Last week the EPA released mock-ups of two proposals for new window stickers, requesting comments. (You can download the complete set of labels here.) This was not a surprise--the new labels were mandated in fairly specific terms back in 2007. I even sent a letter to the EPA with some suggestions early last year. (A copy is here.)
What may be a surprise is that most of the comments seem to be negative. This piece in Automotive News seems typical.
It is the new letter grade for a vehicle that seems most controversial.
Being a consumer oriented organization, we thought we would ask actual car buyers for their opinion. They have an overwhelming preference for one design over the other. (Sorry--we won't publish the results until next week.) For now, suffice to say the grade idea is not popular. Reasons vary, but the common theme is that the grade could be construed as a government evaluation of the entire vehicle, not just fuel economy and emissions. (Taking the simplicity idea to an extreme.)
Lots of calls have been coming in looking for the Edmunds position on the new stickers. Our formal view will be published Monday. In preparation, I have been collecting my own thoughts. Here they are (in no particular order):
1/ The stickers look better.
2/ They provide a lot more data (at least on design 2).
3/ The smart phone scanner is a nice attempt to be current.
4/ I understand why the letter grade has appeal to the label designers. There is lots to absorb and the grade shows they understand the need to simplify.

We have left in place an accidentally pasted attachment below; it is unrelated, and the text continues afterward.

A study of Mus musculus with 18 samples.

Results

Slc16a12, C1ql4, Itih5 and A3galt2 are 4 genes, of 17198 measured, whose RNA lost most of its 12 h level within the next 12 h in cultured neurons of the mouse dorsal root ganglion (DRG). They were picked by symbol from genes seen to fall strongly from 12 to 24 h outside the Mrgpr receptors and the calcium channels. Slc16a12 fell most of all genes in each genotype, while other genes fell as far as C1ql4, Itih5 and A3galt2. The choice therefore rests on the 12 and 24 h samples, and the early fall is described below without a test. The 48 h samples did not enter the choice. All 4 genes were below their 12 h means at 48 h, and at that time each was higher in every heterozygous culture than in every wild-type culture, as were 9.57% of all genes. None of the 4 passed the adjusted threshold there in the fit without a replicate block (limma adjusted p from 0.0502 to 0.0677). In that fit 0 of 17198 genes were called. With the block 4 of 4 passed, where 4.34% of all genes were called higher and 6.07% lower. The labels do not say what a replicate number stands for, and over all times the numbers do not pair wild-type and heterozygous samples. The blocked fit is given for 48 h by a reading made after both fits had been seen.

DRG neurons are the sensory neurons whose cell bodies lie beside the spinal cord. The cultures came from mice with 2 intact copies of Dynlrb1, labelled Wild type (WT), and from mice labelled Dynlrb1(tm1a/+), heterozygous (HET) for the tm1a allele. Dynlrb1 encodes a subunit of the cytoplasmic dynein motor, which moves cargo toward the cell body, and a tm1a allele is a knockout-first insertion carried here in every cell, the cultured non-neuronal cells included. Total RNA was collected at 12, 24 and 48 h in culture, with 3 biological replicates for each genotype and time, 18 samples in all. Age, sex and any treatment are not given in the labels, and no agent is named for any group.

5/ The sticker featuring the letter grade does not display all available data. For instance, the annual operating costs is absent. This is a very bad idea.
But all this misses the point. Fussing about the sticker design reflects an understanding of car buying as it existed 20 years ago, back when consumers visited dealerships to make decisions about which vehicle to buy.
Today this is all happening on the Internet. So the real question is how this information on the stickers will be used by consumers as part of that decisioning process. What will car companies be allowed to advertise? How will the information be comparable across categories? (Car buyers often consider vehicles in completely different segments and the data needs to support these comparisons.)
Obviously, Edmunds will make all the EPA data available to car buyers as soon as it is available. Critically, we will make up for any deficiencies that might get in the way of the data being fully useful to consumers. (Cross category comparability being key.)
We will do this reluctantly as any variation in how the data is displayed presents opportunities for consumers to get confused.
It would be better if the EPA could get this right in the first place.